Unless leaders from both parties come out in full support of the alliance, they may not be able to convert popular support into votes.
Congress may be on cloud nine after finally clinching an alliance with Akhilesh Yadav’s Samajwadi Party in poll-bound Uttar Pradesh, but the road ahead may not be all that rosy.
Observers of the political scene in the state concede that the alliance has the mahaul (atmosphere) on its side, but there are doubt about if the SP and Congress will be able to convert this into sufficient votes.
The understanding is that at the moment the alliance is ‘kachha’ (raw) or half baked, and much care, trust and toil will need to be put in for it to succeed in the election, which has the potential to transform national politics.
Akhilesh has the upper hand in the alliance by keeping the Congress on tenterhooks for two days after unilaterally announcing most of his candidates and declaring his manifesto.
“The alliance should have been announced by Akhilesh and Rahul Gandhi jointly to send a message nationally that the two young leaders have come together,” say leaders from the two parties.
By leaving the job to state leaders, Akhilesh and Rahul have failed to build on the buzz of their coming together to stop the Modi wave and have given the impression that this alliance is just another tie-up.
As far as the Congress is concerned, the problem is that it has not got the ‘good seats’, an issue further aggravated by the party’s failure to consult local leaders.
When a state leader complained to Priyanka Gandhi, Ghulam Nabi Azad, Congress general secretary and the party-in-charge on the nitty-gritties of the alliance, called him for his view on the seats in his area just an hour before it was finalised: “Congress did get a number of seats but not the quality seats,” the state leader said.
“Bahut kathin hai dagar panghat ki (the road ahead is tough),” said a Congressman who had been a party nominee from central Uttar Pradesh, known to be Mulayam Singh Yadav’s stronghold. His assertion was that it is still not clear whether Mulayam is fully behind the alliance charted by his son, who he insisted was ‘obedient’ till last month.
Although Mulayam has been calm and quiet so far, the dramatic developments over the last few weeks have left him feeling uneasy. Only this could explain his absence at the manifesto-release ceremony.
Alleged comments by SP leaders like Mohd Azam Khan that the Congress was “doing penance for its sins” by going into an alliance with the SP show that despite the alliance there has not been a meeting of minds. The underlying message of such statements is that the Congress has had to go in for the ‘forced marriage’ to remain politically relevant.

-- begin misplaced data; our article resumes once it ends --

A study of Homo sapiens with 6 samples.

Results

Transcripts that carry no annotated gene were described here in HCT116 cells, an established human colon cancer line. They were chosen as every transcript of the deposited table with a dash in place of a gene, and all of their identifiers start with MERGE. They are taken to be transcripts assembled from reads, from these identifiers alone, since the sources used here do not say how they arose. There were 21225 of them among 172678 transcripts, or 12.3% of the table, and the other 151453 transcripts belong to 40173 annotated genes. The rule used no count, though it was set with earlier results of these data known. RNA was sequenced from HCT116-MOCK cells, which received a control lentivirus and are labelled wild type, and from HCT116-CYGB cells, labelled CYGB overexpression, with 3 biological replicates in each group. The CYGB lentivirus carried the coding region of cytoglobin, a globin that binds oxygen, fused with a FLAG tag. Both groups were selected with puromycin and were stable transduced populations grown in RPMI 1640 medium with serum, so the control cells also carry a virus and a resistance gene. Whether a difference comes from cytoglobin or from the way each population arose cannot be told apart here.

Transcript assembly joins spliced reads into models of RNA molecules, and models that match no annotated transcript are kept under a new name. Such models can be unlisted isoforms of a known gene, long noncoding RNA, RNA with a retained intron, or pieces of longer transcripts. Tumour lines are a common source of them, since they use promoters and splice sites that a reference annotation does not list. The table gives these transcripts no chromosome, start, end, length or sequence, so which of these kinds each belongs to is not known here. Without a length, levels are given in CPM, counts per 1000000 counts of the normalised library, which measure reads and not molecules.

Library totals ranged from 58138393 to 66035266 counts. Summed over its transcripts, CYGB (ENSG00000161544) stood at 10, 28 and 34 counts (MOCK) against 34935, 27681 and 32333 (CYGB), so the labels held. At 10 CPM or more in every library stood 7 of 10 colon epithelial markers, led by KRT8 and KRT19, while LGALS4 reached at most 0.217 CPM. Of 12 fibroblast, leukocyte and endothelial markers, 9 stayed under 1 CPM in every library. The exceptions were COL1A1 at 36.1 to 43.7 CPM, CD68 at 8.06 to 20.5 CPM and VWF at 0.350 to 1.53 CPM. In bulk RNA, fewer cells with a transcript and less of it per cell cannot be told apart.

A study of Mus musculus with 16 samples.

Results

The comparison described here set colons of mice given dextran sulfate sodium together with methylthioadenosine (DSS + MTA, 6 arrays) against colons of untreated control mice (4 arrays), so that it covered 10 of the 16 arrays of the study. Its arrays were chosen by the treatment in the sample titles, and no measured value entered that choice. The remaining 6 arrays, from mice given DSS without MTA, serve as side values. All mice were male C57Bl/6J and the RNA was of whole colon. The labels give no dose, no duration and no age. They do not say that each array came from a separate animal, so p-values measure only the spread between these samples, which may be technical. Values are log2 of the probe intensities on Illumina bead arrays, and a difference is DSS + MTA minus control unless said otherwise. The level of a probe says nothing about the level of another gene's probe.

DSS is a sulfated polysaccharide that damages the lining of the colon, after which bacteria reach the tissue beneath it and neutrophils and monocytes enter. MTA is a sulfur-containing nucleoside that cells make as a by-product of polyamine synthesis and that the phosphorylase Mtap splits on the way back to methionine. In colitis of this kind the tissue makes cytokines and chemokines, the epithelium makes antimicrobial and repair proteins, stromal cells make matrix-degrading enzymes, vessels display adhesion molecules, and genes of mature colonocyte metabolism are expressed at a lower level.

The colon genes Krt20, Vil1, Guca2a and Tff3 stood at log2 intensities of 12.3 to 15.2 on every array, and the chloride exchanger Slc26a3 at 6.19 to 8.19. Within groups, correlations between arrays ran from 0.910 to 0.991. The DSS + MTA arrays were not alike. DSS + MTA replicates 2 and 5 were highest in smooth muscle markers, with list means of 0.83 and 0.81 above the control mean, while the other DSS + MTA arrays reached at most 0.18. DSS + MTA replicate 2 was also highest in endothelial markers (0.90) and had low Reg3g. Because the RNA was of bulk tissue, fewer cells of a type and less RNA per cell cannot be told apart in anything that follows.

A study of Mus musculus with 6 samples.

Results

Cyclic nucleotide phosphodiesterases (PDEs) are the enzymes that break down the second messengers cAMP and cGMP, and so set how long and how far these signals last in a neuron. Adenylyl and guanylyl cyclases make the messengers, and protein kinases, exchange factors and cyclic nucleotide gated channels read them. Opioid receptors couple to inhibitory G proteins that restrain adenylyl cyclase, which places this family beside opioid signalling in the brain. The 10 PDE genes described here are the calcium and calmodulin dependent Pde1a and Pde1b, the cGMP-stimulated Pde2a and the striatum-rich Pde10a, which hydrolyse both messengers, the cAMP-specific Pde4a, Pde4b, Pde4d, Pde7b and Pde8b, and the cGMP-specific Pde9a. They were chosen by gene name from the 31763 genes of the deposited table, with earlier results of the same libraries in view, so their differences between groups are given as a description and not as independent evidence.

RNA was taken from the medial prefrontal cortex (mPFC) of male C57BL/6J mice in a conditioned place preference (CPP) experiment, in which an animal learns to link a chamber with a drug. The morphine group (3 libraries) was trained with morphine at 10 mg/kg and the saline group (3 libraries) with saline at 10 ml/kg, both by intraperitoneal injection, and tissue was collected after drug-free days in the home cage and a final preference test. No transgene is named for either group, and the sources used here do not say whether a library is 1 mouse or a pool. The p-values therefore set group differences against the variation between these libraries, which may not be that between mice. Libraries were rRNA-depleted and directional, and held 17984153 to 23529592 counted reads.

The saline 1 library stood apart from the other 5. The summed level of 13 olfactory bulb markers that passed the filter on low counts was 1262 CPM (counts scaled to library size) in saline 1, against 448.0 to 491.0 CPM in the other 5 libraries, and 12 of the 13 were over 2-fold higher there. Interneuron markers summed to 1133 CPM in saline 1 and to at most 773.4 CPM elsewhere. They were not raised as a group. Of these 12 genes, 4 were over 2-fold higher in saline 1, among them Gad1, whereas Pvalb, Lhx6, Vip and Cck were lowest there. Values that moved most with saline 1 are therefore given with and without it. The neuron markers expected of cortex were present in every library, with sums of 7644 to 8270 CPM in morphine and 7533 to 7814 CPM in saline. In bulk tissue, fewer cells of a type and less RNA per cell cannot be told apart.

On the other hand, Bahujan Samaj Party (BSP) supremo Mayawati is seeking to consolidate her support base, even though the mahaul is not on her side. A matter of concern for the SP-Congress alliance is the 97 tickets given to Muslims by the BSP. Fighting with her back to the wall, Mayawati has placed candidates in such a way that this time she can make a major dent even in western UP, which was the stronghold of Rashtriya Lok Dal chief Ajit Singh.
The actions initiated against Anand, Mayawati’s brother, by the Modi government at the Centre on the issue of disproportionate assets is helping the BSP supremo consolidate her Dalit votebank. It should not be forgotten that Mayawati’s clean sweep in the 2007 assembly polls is considered a defining moment in Indian politics.
The BJP is going all out to ensure that UP does not become a repeat of the Bihar polls in 2015. Modi has declared himself to be a “UP wallah” after the BJP’s spectacular showing in the 2014 Lok Sabha polls where the party won 71 seats.
In such a backdrop, Rahul and Priyanka need to be on the offensive in UP and Akhilesh has to come out campaigning for a united fight.
UP is also known as “ultapulta pradesh” for the way it has seen political adventures over the years.
“Satais saal, UP behaal” may have been the Congress tagline in the elections till the alliance was formalised, but if Modi succeeds in the state, the Congress is what will be ‘behaal’.
It is a high-stakes battle for both Akhilesh and Rahul, but perhaps more so for the latter, whose party has not seen a single victory in any state since May 2014, when it won in Arunachal Pradesh.
The SP-Congress alliance may have arrived at last, but it is too early for either party to celebrate.
Sunil Gatade is a senior journalist.